Donald Trump Just Really, Really Annoyed His Judge

Judge Arthur Engoron, a speech bubble illustrated coming out of his mouth, and Donald Trump embedded in the speech bubble, next to the logo reading "Totally Normal Quote of the Day."
Photo illustration by Slate. Photos by Jeenah Moon/Pool/AFP via Getty Images and David Dee Delgado/Getty Images.

“I beseech you to control him, if you can.” —Judge Arthur Engoron on Monday, speaking to attorney Chris Kise as Donald Trump testified in his New York civil fraud trial.

The time finally came for Donald Trump to take the witness stand at his New York civil fraud trial, and he used the spotlight about how you’d expect: to rant about his wealth, political power, and how New York Attorney General Letitia James’ case was a “witch hunt.”

During the former president’s hourslong testimony, lawyers for James’ office tried to get Trump to pinpoint his role in inflating the value of some of his real estate empire’s signature properties, like skyscraper 40 Wall Street and his private Seven Springs estate in Westchester County. But the former president had his own plans, instead discussing how he felt his net worth is “significantly higher” than what his financial statements reported and how those very documents in question were “ancient history.”

Trump’s strategy was clearly testing the patience of Judge Arthur Engoron, who chastised Trump’s answers as “being nonresponsive, they are repetitive.” Engoron’s frustration hit a boiling point when he demanded Trump’s lawyer rein in his client. “I beseech you to control him if you can. If you can’t, I will. I will excuse him and draw every negative inference that I can,” said Engoron.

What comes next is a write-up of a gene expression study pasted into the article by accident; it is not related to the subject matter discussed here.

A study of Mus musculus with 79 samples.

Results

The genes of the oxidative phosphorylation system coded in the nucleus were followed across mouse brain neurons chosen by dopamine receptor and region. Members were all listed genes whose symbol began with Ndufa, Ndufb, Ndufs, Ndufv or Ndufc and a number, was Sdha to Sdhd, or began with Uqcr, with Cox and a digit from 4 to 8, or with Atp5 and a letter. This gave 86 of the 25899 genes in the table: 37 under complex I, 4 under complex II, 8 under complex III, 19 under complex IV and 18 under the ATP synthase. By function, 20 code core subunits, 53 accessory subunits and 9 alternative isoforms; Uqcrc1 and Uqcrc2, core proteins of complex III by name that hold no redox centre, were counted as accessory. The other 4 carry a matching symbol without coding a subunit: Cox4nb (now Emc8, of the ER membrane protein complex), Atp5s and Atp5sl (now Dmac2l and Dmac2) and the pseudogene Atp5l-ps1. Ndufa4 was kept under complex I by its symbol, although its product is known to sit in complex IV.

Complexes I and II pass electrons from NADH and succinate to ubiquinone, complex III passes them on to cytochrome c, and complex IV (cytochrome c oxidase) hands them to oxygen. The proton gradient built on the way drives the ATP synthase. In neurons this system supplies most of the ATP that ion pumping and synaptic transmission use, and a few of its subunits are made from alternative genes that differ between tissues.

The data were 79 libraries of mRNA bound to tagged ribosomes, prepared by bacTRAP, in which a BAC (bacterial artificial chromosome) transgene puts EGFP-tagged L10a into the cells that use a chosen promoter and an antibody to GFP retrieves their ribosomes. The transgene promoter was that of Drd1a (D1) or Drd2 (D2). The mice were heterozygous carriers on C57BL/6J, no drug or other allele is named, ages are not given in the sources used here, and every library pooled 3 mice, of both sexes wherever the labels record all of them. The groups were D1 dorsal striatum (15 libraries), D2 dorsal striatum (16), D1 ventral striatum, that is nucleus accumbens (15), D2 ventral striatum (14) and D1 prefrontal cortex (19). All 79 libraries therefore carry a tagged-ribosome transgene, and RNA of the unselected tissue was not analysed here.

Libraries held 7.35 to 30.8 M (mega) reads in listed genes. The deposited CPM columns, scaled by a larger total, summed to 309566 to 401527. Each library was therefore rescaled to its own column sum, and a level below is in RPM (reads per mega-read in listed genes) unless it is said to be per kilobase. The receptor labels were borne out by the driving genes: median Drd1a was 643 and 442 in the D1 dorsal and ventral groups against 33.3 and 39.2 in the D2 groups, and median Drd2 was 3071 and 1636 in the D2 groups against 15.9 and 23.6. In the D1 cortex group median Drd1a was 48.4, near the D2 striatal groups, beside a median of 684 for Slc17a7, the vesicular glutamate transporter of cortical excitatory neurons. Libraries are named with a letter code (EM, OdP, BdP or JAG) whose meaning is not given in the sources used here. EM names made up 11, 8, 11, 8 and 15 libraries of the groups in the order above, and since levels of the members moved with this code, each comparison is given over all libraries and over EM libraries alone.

For example, Kevin Wallace, lawyer for the New York attorney general’s office, tried questioning Trump on whether he discussed his financial statements with Allen Weisselberg, former Trump Organization chief financial officer. Instead of answering with a “yes” or “no,” Trump embarked on a monologue about brand value. “If I wanted to build up the statement, like you said I did before you found out just how rich we are, I would’ve added brand value here and I would’ve increased it by tens of millions of dollars,” said Trump.

That response by Trump prompted Engoron to ask Wallace, “did you ask for an essay on brand value?”

The barbs only continued from there.

When Trump was asked about the valuation of his New York Trump Tower apartment—financial documents in 2016 valued it at $327 million, but it was later lowered to $116.8 million in 2017 after Forbes Magazine outed Trump for incorrectly reporting its size—he deflected. “Probably, I said I thought it was too high,” said Trump. “I don’t know what’s too high anymore because I’m seeing things sold at numbers that are very high.” He then added that the valuation could have simply been a mistake, and that that’s what a disclaimer clause is for—a warning attached to financial documents. “There’s a disclaimer clause where you don’t have to get sued by the attorney general of New York,” Trump said.

His testimony continued with more monologues and asides, but he eventually did confirm his role in preparing financial documents. “I would look at them, I would see them, and I would maybe on occasion have some suggestions,” said Trump.

Finally, Trump’s time on the witness stand ended. His attorneys affirmed for the second time that they would be filing a mistrial motion, while James stood by her case against the former president. “The numbers don’t lie,” James said. “Mr. Trump obviously can engage in all of these distractions, and that is exactly what he did.